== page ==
State Sen. Anthony Hardy Williams says this time will be different. That starts at the beginning.
Williams launched his 2015 bid for mayor six months before the Democratic primary with a speech decrying the city’s political establishment, delivered at a Center City event packed with a crowd of about 200, thick with the kind of people he was complaining about. He was seen as the early front-runner for a race in which he would finish a distant second.
Williams on Monday evening is to formally announce his candidacy for mayor at a West Philly art center that offers free programs for neighborhood children, with fewer than 50 people expected.
“We’ve intentionally selected and invited opinion shapers from around the city, most of whom are supportive but some of whom are just wondering what it means,” Williams said. “We think it’s very important for people to think this is a very unconventional movement, not just politics.”
Williams, 62, said he stumbled four years ago, finishing nearly 30 percentage points behind Kenney in that primary, because he “didn’t define who I was. I let other people define me.”
Kenney painted Williams then as a shill of the charter-school movement because three Main Line investment-firm owners with an interest in education policy invested $7.5 million in an independent expenditure political action committee to support his campaign.
Kenney is back at it. His campaign last week called Williams and former City Controller Alan Butkovitz, who entered the Democratic primary in November, “corporate shills for the multibillion-dollar beverage industry.”
Williams and Butkovitz oppose Kenney’s signature achievement as mayor, a tax on sweetened beverages to pay for pre-K and other city programs. The tax is expected to be a flash point in several local elections this year.
Williams still bristles, recalling “Kenney sneering at me” in 2015 debates about his support from the investment-firm billionaires, The owners of that firm, Susquehanna International Group, are still friends but won’t be backing his run for mayor this year, he said.
Kenney also had support from an independent PAC in 2015. Building a Better Pennsylvania Fund, funded by building trade unions, spent $1.8 million on the race. More than $500,000 of that came from Local 98 of the International Brotherhood of Electrical Workers.
“He’s going to have to carry the responsibility of his closest political adviser being scrutinized by the federal government,” Williams said of Kenney. “He is a subsidiary of John Dougherty’s political enterprise. He should just own it."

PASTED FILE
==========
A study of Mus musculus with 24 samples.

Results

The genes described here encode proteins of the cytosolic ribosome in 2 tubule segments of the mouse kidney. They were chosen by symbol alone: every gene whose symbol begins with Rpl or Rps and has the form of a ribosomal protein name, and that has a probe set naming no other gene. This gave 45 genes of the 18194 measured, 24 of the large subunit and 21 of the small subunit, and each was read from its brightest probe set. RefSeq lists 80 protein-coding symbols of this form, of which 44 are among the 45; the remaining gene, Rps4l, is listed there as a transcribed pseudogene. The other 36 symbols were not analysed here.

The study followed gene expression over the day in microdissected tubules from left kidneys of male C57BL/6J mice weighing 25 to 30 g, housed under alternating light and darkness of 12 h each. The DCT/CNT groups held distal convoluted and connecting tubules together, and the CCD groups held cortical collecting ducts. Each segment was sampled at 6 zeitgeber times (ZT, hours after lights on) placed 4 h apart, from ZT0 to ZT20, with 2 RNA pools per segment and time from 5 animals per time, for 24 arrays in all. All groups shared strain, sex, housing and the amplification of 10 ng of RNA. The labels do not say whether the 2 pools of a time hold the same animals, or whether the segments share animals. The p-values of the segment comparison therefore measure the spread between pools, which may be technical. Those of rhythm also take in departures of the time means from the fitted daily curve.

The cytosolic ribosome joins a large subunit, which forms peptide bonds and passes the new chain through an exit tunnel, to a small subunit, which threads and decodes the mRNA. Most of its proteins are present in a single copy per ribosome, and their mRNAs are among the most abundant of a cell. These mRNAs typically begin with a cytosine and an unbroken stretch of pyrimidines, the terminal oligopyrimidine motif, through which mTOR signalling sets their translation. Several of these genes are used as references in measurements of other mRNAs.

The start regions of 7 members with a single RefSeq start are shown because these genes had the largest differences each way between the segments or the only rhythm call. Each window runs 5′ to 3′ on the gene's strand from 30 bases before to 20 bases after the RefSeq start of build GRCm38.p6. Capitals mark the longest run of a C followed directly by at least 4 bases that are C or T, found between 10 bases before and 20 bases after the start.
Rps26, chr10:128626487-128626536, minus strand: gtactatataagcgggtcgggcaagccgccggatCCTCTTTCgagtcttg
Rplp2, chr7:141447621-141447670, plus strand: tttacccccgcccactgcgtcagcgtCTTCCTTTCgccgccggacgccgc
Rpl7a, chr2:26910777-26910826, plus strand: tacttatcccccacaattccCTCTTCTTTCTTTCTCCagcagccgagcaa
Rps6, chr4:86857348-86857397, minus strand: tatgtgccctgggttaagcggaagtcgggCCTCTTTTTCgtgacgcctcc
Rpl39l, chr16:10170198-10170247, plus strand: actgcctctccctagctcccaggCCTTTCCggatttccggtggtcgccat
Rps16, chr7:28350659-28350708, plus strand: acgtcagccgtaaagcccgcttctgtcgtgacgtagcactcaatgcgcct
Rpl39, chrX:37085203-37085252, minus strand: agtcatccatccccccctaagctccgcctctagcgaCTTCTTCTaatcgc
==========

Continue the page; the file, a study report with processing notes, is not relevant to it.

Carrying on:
An Inquirer analysis of Local 98′s political spending found that Williams has accepted $447,000 in contributions and other support from the union since 2000. Williams says the difference is Kenney plans to keep accepting Local 98 support, while he will no longer do so.
Williams is trying to define Kenney early this time around, repeatedly noting he lives in the same rowhouse near Cobbs Creek Park he grew up in while the mayor, who grew up in South Philly, now lives in an Old City condo. “I still live in my rowhouse,” Williams said. “He moved out of his.”
He knocks Kenney for making “an art form of being invisible in neighborhoods, unless it’s an election year, when he wants to fix everything.”
Williams was first elected to the state House in 1988, taking over a seat that had been held by his father, Hardy Williams. He did the same thing 10 years later, taking a state Senate seat as his father retired.
He won his sixth Senate term last year with no competition in the primary or general elections. His last Senate challenger, in 2010, was a Republican who won just 5 percent of the vote in his West Philadelphia district.
That gives rise to the notion that Williams wins easy elections but can’t be competitive. He also faltered in a 2010 Democratic primary bid for governor, taking just 18 percent of the vote statewide.
Here, again, Williams looks to be different.
“In this case, I’m starting from a humble campaign where I’m going to be talking to people,” Williams said. “I’m going to be forced to talk to people and want to talk to people every day. That will germinate a conversation that we have not had in Philadelphia for a long time.”
No incumbent Philadelphia mayor has lost an election since the city’s Home Rule Charter was enacted seven decades ago, instituting a two-term limit.
The last competitive Democratic primary for mayor occurred 32 years ago, when former District Attorney Ed Rendell challenged Mayor W. Wilson Goode Sr. and lost by nearly 15 percentage points. Rendell went on to serve later as mayor and then governor.
Williams could wait four years to run for mayor, as Rendell did. But he says the city needs change now.